In a previous blog, I highlighted four stages of an investor’s lifecycle and the factors that could compromise financial security during retirement if not planned for in advance. Even if you properly prepared for longer life expectancies, inflation, and fluctuating interest rates in your portfolio, it’s common for investors nearing retirement to become leery of equities – believing that they’re too ‘risky’ for a life stage that no longer includes a consistent paycheck. However, I’d argue that your money is just starting to work for you once you exit the working world, and equities are an important factor to ensure you don’t outlive your money.
When it comes to the stock market – also known as ‘equity markets’ – the greatest risk is not losing all your money, if invested with discipline and as a part of a long-term plan. The greater risk is outliving your money or having to significantly change your quality of life during retirement. Owning mainstream equities – early and across your various stages of investing – is the best way you can potentially avoid running out of money in retirement.
During a recent Zoom call with financial services veteran Nick Murray, we discussed real returns and those after inflation. This simple illustration seemed to make the case for owning equities – even compared to fixed income options considered ‘safer than stocks’ such as bonds.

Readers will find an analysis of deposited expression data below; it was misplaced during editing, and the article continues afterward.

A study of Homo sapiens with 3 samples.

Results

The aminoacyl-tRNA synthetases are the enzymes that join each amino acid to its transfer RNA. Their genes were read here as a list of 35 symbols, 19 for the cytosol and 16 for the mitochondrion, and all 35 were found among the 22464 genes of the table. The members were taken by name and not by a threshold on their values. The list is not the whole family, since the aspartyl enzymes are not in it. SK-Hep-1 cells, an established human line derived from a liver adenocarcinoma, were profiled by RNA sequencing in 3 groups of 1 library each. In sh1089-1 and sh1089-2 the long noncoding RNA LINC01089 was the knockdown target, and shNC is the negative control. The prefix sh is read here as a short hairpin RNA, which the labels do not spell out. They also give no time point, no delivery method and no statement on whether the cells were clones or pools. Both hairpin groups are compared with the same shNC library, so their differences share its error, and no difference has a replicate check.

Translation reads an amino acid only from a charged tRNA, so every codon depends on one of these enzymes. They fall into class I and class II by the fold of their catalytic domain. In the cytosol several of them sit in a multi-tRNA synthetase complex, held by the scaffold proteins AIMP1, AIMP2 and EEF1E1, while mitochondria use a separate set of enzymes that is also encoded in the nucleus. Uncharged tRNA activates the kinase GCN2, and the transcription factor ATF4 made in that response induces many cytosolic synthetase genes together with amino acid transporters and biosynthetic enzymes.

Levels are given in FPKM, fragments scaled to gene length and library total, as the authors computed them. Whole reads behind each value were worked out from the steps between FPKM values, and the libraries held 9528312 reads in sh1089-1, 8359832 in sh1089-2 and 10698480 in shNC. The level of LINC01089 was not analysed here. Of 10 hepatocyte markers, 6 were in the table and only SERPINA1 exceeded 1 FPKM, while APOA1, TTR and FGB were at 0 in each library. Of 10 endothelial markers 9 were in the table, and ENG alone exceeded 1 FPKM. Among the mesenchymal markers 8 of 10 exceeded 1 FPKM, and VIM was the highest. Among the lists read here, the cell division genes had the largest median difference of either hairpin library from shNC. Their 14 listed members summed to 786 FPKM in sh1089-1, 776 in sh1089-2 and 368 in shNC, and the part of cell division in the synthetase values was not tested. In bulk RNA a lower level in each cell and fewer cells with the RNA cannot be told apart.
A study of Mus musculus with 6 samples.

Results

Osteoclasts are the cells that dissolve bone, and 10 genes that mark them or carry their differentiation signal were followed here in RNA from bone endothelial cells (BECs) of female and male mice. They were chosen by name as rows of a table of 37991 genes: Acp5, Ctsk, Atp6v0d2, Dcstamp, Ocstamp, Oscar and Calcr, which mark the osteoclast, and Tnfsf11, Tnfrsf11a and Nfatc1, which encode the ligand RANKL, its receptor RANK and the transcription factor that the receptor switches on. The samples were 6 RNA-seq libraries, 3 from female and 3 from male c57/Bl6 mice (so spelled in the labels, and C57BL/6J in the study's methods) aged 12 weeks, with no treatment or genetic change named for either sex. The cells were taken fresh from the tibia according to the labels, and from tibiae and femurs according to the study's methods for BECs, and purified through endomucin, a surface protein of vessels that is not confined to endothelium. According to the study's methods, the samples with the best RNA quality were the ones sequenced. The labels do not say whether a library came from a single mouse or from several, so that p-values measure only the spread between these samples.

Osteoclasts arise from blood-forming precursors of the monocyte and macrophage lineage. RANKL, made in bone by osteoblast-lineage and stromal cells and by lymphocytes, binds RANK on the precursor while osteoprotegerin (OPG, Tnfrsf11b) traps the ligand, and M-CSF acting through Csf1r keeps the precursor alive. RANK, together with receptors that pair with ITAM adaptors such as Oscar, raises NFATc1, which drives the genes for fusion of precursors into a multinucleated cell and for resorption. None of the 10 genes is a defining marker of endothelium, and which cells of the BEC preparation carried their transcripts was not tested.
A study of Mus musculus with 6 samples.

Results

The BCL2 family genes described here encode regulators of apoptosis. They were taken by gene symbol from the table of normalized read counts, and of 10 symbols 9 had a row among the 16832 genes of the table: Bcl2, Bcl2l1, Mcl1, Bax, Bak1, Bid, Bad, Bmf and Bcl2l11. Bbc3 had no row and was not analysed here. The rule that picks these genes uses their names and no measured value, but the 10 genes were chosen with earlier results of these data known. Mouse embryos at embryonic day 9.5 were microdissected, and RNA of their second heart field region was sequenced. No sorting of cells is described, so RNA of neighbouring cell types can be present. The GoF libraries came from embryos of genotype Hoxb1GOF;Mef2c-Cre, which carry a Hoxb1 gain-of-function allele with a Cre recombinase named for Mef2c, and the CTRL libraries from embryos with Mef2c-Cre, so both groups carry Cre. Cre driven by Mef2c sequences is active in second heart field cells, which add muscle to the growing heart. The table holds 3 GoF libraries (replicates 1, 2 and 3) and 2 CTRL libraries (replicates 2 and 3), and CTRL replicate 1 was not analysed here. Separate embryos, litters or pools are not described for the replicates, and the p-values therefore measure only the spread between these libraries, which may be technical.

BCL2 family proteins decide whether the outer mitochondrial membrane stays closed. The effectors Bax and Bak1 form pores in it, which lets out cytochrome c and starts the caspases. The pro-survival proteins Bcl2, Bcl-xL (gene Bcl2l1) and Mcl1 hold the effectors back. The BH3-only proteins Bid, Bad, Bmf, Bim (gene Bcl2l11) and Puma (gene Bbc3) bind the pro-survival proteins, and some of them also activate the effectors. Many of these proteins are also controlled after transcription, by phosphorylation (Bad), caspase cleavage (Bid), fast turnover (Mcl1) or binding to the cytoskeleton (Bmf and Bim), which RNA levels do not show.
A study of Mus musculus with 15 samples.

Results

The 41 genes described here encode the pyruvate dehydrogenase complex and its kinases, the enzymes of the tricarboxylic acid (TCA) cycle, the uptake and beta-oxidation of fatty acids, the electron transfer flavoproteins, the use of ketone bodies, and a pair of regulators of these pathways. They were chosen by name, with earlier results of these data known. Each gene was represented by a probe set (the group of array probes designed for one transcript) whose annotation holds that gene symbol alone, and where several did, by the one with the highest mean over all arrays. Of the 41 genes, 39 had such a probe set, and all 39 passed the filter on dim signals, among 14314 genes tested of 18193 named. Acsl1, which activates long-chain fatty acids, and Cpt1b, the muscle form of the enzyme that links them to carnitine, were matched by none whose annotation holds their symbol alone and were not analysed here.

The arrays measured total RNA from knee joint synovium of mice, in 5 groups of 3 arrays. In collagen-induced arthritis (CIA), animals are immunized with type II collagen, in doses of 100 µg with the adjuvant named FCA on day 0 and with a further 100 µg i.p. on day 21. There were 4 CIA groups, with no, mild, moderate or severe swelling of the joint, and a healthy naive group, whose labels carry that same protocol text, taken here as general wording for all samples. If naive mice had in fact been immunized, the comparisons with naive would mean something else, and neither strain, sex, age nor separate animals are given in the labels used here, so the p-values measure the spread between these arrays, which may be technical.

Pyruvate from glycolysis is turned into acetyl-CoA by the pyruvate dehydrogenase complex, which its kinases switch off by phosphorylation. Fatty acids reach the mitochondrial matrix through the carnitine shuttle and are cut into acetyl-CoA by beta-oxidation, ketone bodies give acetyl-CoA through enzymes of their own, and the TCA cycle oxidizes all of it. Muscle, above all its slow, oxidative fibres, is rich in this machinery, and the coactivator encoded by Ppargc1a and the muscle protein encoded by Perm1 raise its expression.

10% is the average expected annual rate of return in the stock markets over the long term.
- 10% is the average expected annual rate of return in the stock markets over the long term.
- 6% is the average annual rate of return on bonds over the long term.
- 3% is the approximate adjustment for long-term inflation.
The question then becomes, would you rather have the average return of stocks (10%) minus inflation (3%) or the average return of bonds (6%) minus inflation (3%)? Another way of stating it: would you rather net out 7% (pre-tax) by owning stocks or 3% by owning bonds?
Costs are always rising, so it’s important to not be overly conservative in your asset allocations or overly dependent on fixed streams of income – even during retirement. If you want to maintain your quality of life and not erode your purchasing power as other costs rise, growth and potential for greater returns is still necessary in your golden years. In my opinion, owning mainstream equities is a must in every stage of an investor’s lifecycle. Just because you retire, doesn’t mean your money should retire with you!